The Americans with Disabilities Act of 1990
The Americans with Disabilities Act (ADA) was adopted as law in 1990 to ensure equal access to all individuals without regard to needs related to disability. This comprehensive law focuses on a number of areas, including accessibility to and within public buildings and services.
If you encounter problems with a building's accessibility, you should first speak with the building owner or manager and explain your problem. They may have been unaware of any accessibility difficulties, and could make immediate changes for you. If the building manager or owner is unwilling to help, the next step is to get other people in the building to talk to the management. Local advocacy groups, such as Centers for Independent Living, may offer intermediary services or provide alternative resources for addressing problems. If you cannot achieve a resolution of the problem using these methods, you can file a complaint with the Department of Justice. For information about filing a complaint, call the ADA information line at 800-514-0301.
A problem might be as simple as a plant that was placed in front of the elevator buttons or within the clear passage of a hallway. It may be as complex as a multi-level building not serviced by an elevator or doorways that are too narrow for you to pass through.
The U.S. Architectural and Transportation Barriers Compliance Board (Access Board) provides technical assistance on the ADA Accessibility Guidelines. The Access Board can be reached at the following numbers:
- voice 800-872-2253
- TDD 800-993-2822
U.S. Department of Transportation
The ADA also addresses accessibility to transportation services. The United States Department of Transportation oversees this aspect of the ADA. They can be reached at the following numbers:
- Documents and questions
- voice 202-366-1656
- TDD 202-366-4567
- Legal questions
- voice 202-366-1936
- TDD use relay system
- Complaints and enforcement
- voice 202-366-2285
- TDD 202-366-0153
General ADA Information
You can reach the ADA Information Line to obtain ADA documents, ask questions, and obtain referrals at the following numbers:
- voice 800-514-0301
- TDD 800-514-0383
Special Seating: An Illustrated Guide – Revised Edition
New Edition – just published!
...join Jean Anne Zollars and seating experts worldwide in the step-by-step process of evaluation and design of seating/mobility systems for people with disabilities...
Click here (http://www.seatingzollars.com/) to visit the author’s website and order your book.
This book includes:
Specific directions in hands-on evaluation
Emphasis on hand simulation
More ideas using simulation with materials
Review of current best practices and research from seating experts worldwide
New design ideas, guidelines and fitting tips
A new chapter on seating and mobility considerations for people with specific conditions.
Updated assessment forms
Innovative ideas for less-resourced settings
PAX Press is a division of Beneficial Designs, Inc. that publishes information sheets, information packets, reports, books and videos related to Recreation Technologies, Seating and Mobility, and Environmental Accessibility.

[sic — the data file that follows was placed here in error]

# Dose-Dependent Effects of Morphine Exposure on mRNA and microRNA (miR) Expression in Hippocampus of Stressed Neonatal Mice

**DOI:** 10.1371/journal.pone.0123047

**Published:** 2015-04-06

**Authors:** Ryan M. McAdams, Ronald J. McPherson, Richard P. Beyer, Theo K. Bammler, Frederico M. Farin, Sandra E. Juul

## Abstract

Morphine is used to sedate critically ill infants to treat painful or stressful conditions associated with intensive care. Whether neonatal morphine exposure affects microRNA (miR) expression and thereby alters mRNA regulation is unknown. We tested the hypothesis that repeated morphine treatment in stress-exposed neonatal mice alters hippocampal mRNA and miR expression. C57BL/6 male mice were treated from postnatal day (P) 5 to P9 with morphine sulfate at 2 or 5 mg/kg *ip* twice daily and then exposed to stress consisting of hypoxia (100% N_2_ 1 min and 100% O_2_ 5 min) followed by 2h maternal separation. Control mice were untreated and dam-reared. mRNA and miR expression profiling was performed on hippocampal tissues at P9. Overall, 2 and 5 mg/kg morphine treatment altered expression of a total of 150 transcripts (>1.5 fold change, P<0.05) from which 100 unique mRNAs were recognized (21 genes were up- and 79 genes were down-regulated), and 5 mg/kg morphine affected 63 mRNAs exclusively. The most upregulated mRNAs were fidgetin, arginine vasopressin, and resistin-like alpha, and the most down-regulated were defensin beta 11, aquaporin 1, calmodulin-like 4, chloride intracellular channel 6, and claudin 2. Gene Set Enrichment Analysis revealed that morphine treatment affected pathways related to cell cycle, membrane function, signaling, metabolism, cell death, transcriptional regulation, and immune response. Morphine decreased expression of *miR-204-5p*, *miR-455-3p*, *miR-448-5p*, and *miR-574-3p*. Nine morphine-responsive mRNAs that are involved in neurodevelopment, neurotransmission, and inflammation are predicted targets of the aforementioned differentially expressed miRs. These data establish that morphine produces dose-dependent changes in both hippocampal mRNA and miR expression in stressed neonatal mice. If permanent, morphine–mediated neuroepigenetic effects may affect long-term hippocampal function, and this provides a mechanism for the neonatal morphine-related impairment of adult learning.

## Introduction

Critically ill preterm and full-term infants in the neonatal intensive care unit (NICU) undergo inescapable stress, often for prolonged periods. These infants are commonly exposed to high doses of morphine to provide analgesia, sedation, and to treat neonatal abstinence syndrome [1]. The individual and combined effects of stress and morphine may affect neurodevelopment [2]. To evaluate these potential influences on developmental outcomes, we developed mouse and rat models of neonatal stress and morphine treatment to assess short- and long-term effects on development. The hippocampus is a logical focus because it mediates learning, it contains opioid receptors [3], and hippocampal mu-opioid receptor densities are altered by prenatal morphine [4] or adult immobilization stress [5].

Fax the completed order form to 775.783.0813.
Wheelchair Training Guides
For more specific information see our pages related to these specific books:
- Manual Wheelchair Training Guide
- Powered Wheelchair Training Guide
- A Guide to WC Selection
- Special Seating: An Illustrated Guide
Need for Training Guides
Many wheelchair users unnecessarily limit their activities to familiar environments because they have not learned the skills to access other areas independently. Many wheelchair accidents occur due to a lack of training. Instructional resources would help wheelchair users, their assistants, and clinicians learn safe and efficient wheelchair skills, as well as increase overall wheelchair user independence. Proper training can potentially decrease the frequency of wheelchair accidents and reduce instances of improper mobility assistance.
This project will create comprehensive wheelchair training guides that teach manual and powered wheelchair users how to access diverse environments safely. The two guides (one for powered and the other for manual wheelchairs) will provide new and experienced users and rehabilitation professionals with valuable reference materials.
Focus Group Input
In November 1994, Beneficial Designs began convening focus groups of manual wheelchair users, powered wheelchair users, and rehabilitation professionals. Each group was asked which topics and skills they felt the guides should include and how to accomplish or teach these techniques.
Training Guide Format
A format to present the information was developed from focus group comments. For each skill, the guides list a goal, the prerequisite skills, and describes step-by-step instructions. Lessons include how to accomplish the skill with a spotter, how to accomplish the skill alone, and how to instruct an assistant to help. Numerous illustrations were created to help demonstrate each skill.
Written in a friendly, easy-to-understand style, the guides cover wheelchair components and functions, basic maneuvering skills, navigating indoor and outdoor terrain, and special skills required for powered wheelchairs. In addition to specific techniques, the guides show wheelchair users how to judge the accessibility of specific environments, ask for help, and handle emergency situations.
Wheelchair Training Guides
The Manual Wheelchair Training Guide and The Powered Wheelchair Training Guide, written by Peter Axelson, Jean Minkel, Anita Perr and Denise Yamada, are available through PAX Press, a division of Beneficial Designs, Inc.
This project was funded by the Paralyzed Veterans of America Spinal Cord Injury Education and Training Foundation (contract #EFT 238-94), and Beneficial Designs, Inc.